A common accusation against using narrative as a research tool, or against drawing on personal experience, or of highlighting micro-interactions in organisations is that this is ‘merely’ subjective. What I think is meant by this is that the narrative, or the highlighted experience can be dismissed because it tells us nothing about what is ‘really’ going on. It is only one view.
How subjective is subjective, and can subjective observation tell us nothing about the world which we experience?
Pierre Bourdieu, the French sociologist, thought that there is always something generalisable about the way we respond to the world because our very subjectivities are objectively formed. ‘…the social agent is a collective individual or a collective individuated by the fact of objective underlying structures.’ In other words, our predisposition to act in certain ways, what Bourdieu calls the habitus is formed historically by our interactions with others and with the objective world. Our opportunities for perceiving the potentiality for action are bounded by our collective social history, and is as a consequence, limited. We see the world because we are a product of that history, and that history defines how we see the world.
For Bourdieu this does not mean that our responses to the objective world are automatic or pre-determined in any way. He regarded our responses as ‘reasonable’ rather than rational, as a kind of conditioned and limited spontaneity, a practical common sense. We are fully immersed in what we are doing, mostly without the luxury of being able to make any instrumentally rational calculation at all about the choices we make. We respond to what we encounter informed by our collective and individual history and by our own particular relationship to what we encounter. It is a paradoxical response: ‘…being both determined and spontaneous, since it is determined by conventional, conditional stimuli that exist as such not only for an agent disposed to perceive them and capable of perceiving them.’ (Italics in the original).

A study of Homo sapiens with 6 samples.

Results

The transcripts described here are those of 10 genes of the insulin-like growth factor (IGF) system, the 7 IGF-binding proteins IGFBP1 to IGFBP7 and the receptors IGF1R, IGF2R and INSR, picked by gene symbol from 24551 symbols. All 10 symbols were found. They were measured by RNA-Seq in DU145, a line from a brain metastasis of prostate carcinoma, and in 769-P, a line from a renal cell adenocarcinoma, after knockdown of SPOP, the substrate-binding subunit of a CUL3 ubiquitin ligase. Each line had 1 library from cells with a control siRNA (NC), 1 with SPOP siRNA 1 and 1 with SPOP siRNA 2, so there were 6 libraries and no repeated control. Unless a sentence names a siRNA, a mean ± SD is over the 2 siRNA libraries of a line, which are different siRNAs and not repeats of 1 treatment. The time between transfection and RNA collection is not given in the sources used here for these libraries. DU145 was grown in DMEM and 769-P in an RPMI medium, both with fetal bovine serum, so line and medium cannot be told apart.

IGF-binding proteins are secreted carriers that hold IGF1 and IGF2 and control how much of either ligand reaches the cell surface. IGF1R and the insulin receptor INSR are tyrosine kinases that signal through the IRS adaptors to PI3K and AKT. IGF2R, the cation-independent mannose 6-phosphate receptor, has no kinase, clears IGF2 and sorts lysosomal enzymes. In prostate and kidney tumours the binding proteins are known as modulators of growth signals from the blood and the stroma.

The concept of habitus allowed Bourdieu to escape from what he regarded as a false dualism. This dualism arises from thinking that on the one hand that all action arises as a result of conscious intention, where the agent is fully aware of all the consequences of that action, or being deterministic where the agent is just a particle blown about by whichever wind is blowing at the time. In the social games in which we are obliged to participate there are a number of regularities which pattern the game and our response our responses to them. At the same time the game adapts to accommodate our responses in new, but often not radically unprecedented ways. It is not possible for just anything to happen. As we recognise these social patterns we are able to enact a practical mastery of the situations in which we find ourselves and respond to them in a conditioned way.
Without there being some kind of regularity to subjective experience it would be impossible for us to recognise and act in the objective world. Nor would there be any point to carrying out social research based on surveys of attitudes, where one can draw broad conclusions about the tendency of groups of people to act in particular ways. The subjective and the objective worlds interpenetrate, and this is why it makes sense to try and find the universal in the particular, to take the subjective and micro-interactions seriously.